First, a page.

Driftless Area Education and Visitor Center to open


Pictured is the view from one of the center's balconies. (Photo by Rachel Mergen)

The Driftless Area Education and Visitor Center in Lansing is preparing for its grand opening Aug. 12. (Submitted photo)

By Rachel Mergen

 

“There is no other place like this in the United States,” Jim Janett, conservation director of the Allamakee County Conservation Board, stated about the unique area that is the driftless region.

The driftless region, which is the area left untouched by glaciers, includes four states—Wisconsin, Iowa, Minnesota and Illinois. To teach about the geography, history and wildlife of this region, the Allamakee County Conservation Board has worked to build and prepare the Driftless Area Education and Visitor Center in Lansing. The stunning, 10,000 square-foot-building will have its grand opening Saturday, Aug. 12, from 9 a.m. to 3 p.m.

The center contains information from every corner of the region. The board helps to educate tourists on what they can see when visiting the area, including information on sights like the Villa Louis and the Fort Crawford Museum. The information and locations can be found on a table map display when walking into the building. Visitors can walk through the map in the path created by the Mississippi River and view the different states’ prominent tourist destinations.

For locals, the Driftless Area Education and Visitor Center also has its benefits. Inside there are hands-on activities and educational opportunities for people of all ages. The center is meant to help reveal what exactly helped create the counties and cities that driftless area residents are now used to.

The timber, fishing, clamming and fur trading industries are touched upon within the design of the building. There is an extravagant mural, which shows a Native American encampment, that reveals the complex Native American history of the area.

The inhabitants of the area are also included on display. A variety of living snakes occupy glass display cases. Beside them, other common creatures, including frogs, may also be found.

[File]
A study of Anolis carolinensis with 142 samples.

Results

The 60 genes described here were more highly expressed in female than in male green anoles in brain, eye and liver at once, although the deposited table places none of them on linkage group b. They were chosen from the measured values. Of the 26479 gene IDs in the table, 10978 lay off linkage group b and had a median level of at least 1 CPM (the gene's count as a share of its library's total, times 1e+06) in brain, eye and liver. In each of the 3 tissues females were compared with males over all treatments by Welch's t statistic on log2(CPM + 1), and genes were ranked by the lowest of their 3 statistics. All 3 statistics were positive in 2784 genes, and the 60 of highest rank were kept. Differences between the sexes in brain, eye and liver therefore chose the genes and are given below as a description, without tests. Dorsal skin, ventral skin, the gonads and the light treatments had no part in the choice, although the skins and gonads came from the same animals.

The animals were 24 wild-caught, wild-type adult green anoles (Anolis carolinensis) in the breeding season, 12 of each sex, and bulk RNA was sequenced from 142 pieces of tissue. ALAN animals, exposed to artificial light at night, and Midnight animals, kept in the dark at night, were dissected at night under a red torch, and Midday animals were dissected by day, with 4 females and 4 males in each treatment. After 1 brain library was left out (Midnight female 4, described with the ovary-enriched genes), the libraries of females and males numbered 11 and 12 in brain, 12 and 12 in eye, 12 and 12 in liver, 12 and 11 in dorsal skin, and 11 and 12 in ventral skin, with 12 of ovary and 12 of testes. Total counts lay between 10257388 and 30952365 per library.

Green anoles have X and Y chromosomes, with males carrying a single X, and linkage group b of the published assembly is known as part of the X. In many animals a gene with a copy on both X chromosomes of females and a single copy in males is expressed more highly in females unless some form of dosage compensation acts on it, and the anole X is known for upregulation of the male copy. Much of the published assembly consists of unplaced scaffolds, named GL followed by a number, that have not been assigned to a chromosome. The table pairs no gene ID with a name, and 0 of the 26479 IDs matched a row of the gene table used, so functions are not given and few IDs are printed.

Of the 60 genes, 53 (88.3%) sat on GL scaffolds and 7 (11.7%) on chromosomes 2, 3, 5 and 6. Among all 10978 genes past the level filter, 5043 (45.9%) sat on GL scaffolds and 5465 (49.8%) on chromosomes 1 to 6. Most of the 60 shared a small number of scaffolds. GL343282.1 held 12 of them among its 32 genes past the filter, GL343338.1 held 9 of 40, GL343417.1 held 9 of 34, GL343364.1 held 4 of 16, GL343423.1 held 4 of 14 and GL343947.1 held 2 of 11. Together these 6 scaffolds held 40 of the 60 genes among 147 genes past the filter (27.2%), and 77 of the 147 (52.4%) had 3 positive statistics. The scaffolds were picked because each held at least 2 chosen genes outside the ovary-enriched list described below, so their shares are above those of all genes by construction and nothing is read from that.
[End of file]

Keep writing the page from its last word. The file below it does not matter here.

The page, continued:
Also included in the building is a classroom in the basement that will allow for both youth and adult learning. Janett hopes to bring in a variety of people who have a thirst for knowledge and an interest in what made the area what it is now.

An awe-inspiring view can be experienced from the building’s balconies. Visitors can view boats and animals traveling the Mississippi River. In the future, the Allamakee County Conservation Board has plans to set up a webcam on their website that will show the river constantly.

The building was built on historic land, known for being the location of the first courthouse of the county, that had become run down over time. “The county wanted to develop it to its biggest and best use,” Janett stated. The property was handed over to the conservation board, and plans for the building began to form as funds were raised. For the architecture of the building, the goal was to use the small space in the best way possible and to allow for the best views for those who visit.

According to Janett, the education and visitor center could not have been completed without the work of hundreds of volunteers, the board members and the large amount of support from the community. He also showed his appreciation for the many grants that were received, including the Federal Transportation and Enhancement Grant that totaled approximately $1.4 million.

The Driftless Area Education and Visitor Center is located at 1944 Columbus Road, Lansing. For more information about the center and the Allamakee County Conservation Board, visit www.allamakeecountyconservation.org.